A few weeks ago I went up to Jerusalem for some work.
I’ll be honest here – I don’t generally enjoy going up to Jerusalem. Lots of reasons. It seems busy – frenetic almost – and I find the overall energy to be heavy. Much heavier than in Tel Aviv. Which isn’t surprising considering the city’s thousands of years of history and religious pull for Christianity, Judaism and Islam.
So when I go to Jerusalem, I have a tendency to tend to my business at hand and then get the hell out. Quickly. No offense my J-Town dwelling friends and neighbors. It simply is what it is.
When I went up this last time, however, my mindset was different. I dunno why. It just was. I decided to make a day of my trip & combine pleasure with business.
So I rang up a curator friend a day prior and arranged for her to meet me at The Israel Museum and show me around. Strike me down with curses as I walk the street of shame: Fifteen years in Israel and I hadn’t yet been to the Israel Museum.
My friend first took me to the model city – a replica of Jerusalem as it was during the 2nd Temple i.e. a hair before Jesus‘ time. My friend has been with the museum for two decades so she was able to provide history, point out different city sections and give tidbits about who was where back around 80 BCE. It was a beautiful day, lots of sun and warm temps and loads of tourists checking out the model. The sun bouncing off the gleaming white & gold model city was beautiful.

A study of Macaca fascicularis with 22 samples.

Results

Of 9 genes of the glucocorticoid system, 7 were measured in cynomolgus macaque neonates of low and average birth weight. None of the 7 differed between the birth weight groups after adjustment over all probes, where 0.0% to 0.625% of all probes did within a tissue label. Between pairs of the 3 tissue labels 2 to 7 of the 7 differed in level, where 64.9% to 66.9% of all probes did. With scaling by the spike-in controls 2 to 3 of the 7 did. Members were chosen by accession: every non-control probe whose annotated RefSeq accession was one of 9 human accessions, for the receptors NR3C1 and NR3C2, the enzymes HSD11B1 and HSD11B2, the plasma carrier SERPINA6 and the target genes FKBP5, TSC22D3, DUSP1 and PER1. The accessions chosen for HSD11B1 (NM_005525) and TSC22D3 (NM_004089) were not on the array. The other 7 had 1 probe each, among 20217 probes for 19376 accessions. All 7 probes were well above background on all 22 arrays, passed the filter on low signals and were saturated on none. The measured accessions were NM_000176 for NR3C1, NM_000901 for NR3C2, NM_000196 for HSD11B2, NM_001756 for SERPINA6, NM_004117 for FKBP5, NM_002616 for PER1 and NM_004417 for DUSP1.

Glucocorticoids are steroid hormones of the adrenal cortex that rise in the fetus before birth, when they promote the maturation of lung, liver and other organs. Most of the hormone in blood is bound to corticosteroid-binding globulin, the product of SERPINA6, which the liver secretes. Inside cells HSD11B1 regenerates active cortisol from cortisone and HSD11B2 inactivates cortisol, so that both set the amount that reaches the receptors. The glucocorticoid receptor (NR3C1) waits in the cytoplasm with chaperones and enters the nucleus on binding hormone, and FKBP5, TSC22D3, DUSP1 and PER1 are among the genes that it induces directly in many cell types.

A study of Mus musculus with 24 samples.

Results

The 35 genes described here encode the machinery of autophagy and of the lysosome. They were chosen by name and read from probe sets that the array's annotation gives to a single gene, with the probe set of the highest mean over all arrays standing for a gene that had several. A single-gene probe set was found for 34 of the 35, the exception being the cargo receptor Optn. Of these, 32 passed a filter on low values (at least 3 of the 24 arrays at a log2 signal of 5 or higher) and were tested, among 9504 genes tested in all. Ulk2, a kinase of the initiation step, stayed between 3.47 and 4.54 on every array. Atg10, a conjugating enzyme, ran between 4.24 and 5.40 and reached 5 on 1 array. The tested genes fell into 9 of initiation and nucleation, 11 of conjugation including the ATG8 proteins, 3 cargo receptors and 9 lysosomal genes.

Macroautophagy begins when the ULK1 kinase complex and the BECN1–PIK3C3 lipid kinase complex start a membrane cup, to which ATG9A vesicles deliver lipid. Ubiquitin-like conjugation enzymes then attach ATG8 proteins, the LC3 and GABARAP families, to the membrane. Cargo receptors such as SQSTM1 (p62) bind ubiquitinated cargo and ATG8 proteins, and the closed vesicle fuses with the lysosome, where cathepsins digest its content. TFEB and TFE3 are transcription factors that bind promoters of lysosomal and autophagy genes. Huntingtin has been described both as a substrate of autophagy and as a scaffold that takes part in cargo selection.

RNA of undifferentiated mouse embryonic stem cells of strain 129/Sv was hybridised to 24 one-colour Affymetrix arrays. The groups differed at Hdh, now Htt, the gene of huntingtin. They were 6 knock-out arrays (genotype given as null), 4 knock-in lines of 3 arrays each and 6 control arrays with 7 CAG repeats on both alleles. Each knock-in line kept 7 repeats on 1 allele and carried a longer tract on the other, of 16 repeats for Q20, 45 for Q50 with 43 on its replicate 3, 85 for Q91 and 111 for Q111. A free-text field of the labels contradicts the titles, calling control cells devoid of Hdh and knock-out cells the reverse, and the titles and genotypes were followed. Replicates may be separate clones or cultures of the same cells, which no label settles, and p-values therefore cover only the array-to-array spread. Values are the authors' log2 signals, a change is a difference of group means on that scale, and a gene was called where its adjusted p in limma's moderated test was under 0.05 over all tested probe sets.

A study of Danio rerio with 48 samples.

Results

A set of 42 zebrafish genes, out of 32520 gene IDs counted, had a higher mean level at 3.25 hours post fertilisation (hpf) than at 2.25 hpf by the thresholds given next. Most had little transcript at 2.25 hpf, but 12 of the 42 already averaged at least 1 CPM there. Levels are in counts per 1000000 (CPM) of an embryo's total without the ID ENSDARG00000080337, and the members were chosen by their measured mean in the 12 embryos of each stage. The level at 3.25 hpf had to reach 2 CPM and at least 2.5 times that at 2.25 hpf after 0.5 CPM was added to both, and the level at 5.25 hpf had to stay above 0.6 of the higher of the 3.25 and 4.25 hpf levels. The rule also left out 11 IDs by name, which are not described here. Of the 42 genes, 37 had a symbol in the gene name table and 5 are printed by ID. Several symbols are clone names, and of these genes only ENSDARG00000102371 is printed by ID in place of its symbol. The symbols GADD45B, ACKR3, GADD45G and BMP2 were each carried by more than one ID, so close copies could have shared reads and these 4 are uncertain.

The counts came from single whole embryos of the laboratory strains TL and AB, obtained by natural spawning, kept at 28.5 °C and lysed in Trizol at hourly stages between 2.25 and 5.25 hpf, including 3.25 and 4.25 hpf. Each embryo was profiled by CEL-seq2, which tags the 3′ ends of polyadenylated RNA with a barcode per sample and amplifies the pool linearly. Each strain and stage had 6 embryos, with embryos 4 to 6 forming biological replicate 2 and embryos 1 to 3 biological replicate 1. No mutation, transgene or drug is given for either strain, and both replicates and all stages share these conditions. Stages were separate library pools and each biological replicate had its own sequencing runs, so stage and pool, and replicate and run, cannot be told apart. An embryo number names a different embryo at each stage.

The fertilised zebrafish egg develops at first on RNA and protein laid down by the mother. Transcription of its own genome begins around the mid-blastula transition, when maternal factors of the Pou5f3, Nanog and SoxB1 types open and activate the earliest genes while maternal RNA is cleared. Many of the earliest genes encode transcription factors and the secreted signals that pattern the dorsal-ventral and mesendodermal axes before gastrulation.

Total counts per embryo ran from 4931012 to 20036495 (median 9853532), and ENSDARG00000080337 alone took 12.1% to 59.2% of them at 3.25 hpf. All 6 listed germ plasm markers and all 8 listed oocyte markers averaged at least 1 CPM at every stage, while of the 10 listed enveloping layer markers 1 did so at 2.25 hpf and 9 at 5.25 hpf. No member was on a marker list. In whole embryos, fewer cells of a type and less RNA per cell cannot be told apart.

My friend then took me to the Shrine of the Book where the Dead Sea Scrolls are housed. For the uninitiated, the Scrolls are 2000-year-old writings discovered half a century ago in caves east of Jerusalem. The scrolls, scribed on parchment paper in Aramaic, Greek and Hebrew, are biblical, sectarian and apocryphal in nature and represent “the earliest evidence for the biblical text in the world.”
Effin’ wow. I mean I’m not an over-the-top type when it comes to religion or religious history. But seeing the parchment writings unfurled behind the glass casing in the very dimly lit shrine room was awesome. But truly. “They routinely have to switch the actual scrolls out with representations to let the scrolls rest,” my friend informed. Effin’ wow.
We then moved on to the sculpture garden – I particularly liked the Botero Man on Horse – and visited a wing showcasing Israel’s historical tidbits that included the bloodstained sheet of paper Yithak Rabin had in his pocket when he was fatally shot in 1985 and the first ever Israeli flag to be hoisted outside UN headquarters when statehood was declared in 1948.
Most of the museum is currently under construction so the visit wasn’t extensive. I didn’t have time anyway.
But I DID have fun. Who knew? So with great pleasure I hereby formally announce: I have a new attitude. Thank you. Amen.